In order to meet the high global demand for meat, we slaughter around 70 billion land animals for food each year, as well as up to 2.7 trillion marine animals. This already high demand continues to rise all over the world, meaning these kind of quantities can only be achieved through factory farming.
Regardless of how and where they are raised, most farmed animals end up in the same slaughterhouses and subject to similar slaughter practices whether they are organic, free range or factory farmed. Slaughter methods vary, but a captive bolt pistol shot to the head followed by having their throats slit, while still alive, is standard industry practice for pigs, goats and cows. This represents the best case scenario for a slaughtered animal, but many reports and videos exist which suggest that due to the high slaughter speeds and intense pressure on workers, cows still being alive and conscious while being skinned or dismembered on the production line is not uncommon. Many of these reports come from the slaughterhouse workers themselves, who are often poor immigrants with no other choice, performing one of the most dangerous, traumatising and exploitative jobs in the world. Chickens in slaughterhouses endure similar fates as other animals, usually being dragged through electrified pools before having their throats slit while hanging upside down on a conveyor belt. It is difficult to witness any of this for yourself, as slaughterhouses are notoriously secretive institutions. In several states, it is actually illegal to film or take pictures of the treatment of animals inside a farm or slaughterhouse.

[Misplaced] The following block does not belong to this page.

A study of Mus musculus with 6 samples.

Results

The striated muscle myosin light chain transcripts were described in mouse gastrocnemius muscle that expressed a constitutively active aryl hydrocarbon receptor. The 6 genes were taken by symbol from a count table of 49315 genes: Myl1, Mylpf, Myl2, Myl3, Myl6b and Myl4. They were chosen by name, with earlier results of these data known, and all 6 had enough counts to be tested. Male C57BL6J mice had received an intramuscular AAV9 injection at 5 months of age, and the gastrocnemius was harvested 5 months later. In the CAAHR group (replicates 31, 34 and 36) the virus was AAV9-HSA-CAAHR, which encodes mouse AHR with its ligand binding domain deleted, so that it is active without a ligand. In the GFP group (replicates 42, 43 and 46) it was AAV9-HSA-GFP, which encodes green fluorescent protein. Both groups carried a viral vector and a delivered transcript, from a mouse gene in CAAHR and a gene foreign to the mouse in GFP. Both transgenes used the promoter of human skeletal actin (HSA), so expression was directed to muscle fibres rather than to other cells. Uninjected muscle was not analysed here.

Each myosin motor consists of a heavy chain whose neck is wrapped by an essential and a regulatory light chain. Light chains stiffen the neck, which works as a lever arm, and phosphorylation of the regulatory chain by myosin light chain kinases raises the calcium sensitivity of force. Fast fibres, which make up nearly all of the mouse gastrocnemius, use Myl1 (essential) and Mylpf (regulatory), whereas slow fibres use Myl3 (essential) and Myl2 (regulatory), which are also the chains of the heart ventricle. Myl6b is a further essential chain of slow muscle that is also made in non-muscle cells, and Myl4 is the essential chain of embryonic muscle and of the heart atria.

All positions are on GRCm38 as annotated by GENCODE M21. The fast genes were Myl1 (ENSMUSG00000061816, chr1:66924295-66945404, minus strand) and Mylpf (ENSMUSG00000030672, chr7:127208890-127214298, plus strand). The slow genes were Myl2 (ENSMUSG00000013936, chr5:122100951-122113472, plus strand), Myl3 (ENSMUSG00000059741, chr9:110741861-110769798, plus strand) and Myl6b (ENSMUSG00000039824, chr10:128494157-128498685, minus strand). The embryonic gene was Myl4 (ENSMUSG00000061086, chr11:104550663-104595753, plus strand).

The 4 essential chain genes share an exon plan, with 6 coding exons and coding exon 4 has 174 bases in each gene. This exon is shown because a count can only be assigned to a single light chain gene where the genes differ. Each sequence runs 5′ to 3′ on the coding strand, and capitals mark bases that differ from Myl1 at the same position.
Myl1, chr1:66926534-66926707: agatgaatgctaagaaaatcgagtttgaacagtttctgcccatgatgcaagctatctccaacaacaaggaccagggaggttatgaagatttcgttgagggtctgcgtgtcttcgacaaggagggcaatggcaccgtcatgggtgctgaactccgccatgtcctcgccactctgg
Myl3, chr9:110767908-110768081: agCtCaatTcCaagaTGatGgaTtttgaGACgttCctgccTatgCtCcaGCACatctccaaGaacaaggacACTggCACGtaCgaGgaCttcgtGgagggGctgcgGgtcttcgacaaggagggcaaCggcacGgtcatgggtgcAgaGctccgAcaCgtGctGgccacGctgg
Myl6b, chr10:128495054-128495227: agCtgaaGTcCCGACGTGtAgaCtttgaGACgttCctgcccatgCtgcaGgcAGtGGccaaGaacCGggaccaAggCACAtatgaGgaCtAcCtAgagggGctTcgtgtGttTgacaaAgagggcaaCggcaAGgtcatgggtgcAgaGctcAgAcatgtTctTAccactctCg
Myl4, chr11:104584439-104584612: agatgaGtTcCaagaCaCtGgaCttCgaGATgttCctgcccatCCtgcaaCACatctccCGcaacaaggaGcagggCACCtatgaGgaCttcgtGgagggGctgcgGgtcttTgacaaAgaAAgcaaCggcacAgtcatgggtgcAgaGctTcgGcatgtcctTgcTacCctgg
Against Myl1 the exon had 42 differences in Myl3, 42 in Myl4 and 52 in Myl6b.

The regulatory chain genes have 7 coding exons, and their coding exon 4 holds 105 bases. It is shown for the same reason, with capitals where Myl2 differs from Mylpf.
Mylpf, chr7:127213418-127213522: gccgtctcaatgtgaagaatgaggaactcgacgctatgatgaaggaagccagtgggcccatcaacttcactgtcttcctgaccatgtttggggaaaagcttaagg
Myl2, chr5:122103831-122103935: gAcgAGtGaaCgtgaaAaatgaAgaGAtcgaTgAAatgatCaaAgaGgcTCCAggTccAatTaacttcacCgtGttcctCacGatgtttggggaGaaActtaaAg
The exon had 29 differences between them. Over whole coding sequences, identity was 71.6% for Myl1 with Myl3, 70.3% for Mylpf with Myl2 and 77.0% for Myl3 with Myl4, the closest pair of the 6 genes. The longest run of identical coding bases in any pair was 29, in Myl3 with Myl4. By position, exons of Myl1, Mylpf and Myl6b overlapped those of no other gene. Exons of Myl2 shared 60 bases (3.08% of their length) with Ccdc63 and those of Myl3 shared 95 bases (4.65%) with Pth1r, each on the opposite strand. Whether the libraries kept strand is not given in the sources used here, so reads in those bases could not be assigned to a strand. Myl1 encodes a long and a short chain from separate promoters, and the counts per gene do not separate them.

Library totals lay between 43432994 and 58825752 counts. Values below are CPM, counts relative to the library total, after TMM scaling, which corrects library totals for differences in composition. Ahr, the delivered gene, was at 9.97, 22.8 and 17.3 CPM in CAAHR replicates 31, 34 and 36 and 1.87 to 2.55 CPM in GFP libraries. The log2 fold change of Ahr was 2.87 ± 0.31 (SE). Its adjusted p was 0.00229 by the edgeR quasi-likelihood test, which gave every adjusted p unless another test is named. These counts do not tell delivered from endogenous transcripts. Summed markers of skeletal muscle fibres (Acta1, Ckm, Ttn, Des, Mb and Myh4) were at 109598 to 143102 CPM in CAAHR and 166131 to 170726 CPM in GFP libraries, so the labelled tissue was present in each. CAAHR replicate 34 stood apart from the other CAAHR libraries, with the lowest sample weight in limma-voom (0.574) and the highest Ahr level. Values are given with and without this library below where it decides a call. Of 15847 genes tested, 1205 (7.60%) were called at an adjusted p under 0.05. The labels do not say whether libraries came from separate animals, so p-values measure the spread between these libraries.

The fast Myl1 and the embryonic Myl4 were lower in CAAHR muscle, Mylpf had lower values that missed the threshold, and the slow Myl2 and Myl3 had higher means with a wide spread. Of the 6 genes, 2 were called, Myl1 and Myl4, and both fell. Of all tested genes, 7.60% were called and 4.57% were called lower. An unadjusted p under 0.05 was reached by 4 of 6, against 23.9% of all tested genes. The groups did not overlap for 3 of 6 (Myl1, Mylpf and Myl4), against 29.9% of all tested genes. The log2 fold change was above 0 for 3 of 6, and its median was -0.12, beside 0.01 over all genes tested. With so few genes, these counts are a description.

As well as harm caused to the animals themselves, meat production involves massive environmental destruction and resource use. Animal agriculture is responsible for 18% of greenhouse gas emissions, more than all transport combined. Cows alone produce 150 billion gallons of methane per day, with a global warming potential 86 times that of CO2 on a 20 year time frame. Livestock is also responsible for 65% of all human-related emissions of nitrous oxide, which stays in the atmosphere for approximately 150 years. All of this means that even if we cut all other CO2e emissions to zero immediately, we would still exceed our 565 gigatonnes limit by 2030, solely from raising animals for food. In terms of land use, a full 1/3 of the planet’s land surface and 2/3 of available agricultural land is used for farming animals. If we look at cows, for example, it takes 16 pounds of grain to make one pound of beef. That’s 94% more land, and 94% more pesticides than just eating that grain directly. All told, livestock consume 70% of all the grain we produce, 70% of all soy, and a fifth of all water consumed globally. It is for these reasons and many others that even the UN have urged a global shift towards veganism.
It is clear then, that regardless of its source, meat is both unethical and unsustainable. Farmed animals like pigs, chickens, goats and cows are intelligent, sentient beings, with rich emotional lives and deep social connections. Despite this, the industry views them as commodities; as sources of profit rather than beings with their own needs and preferences which must be respected. Even the least cruel farms view their animals this way; due to their very nature as profitable enterprises animal welfare and rights will always come second to profit, if they are factored in at all. This in itself is exploitative. Given the harm that animal products cause and the fact that most of us can be perfectly healthy without consuming them, those of us who have the option to live a vegan lifestyle have a moral obligation to do so.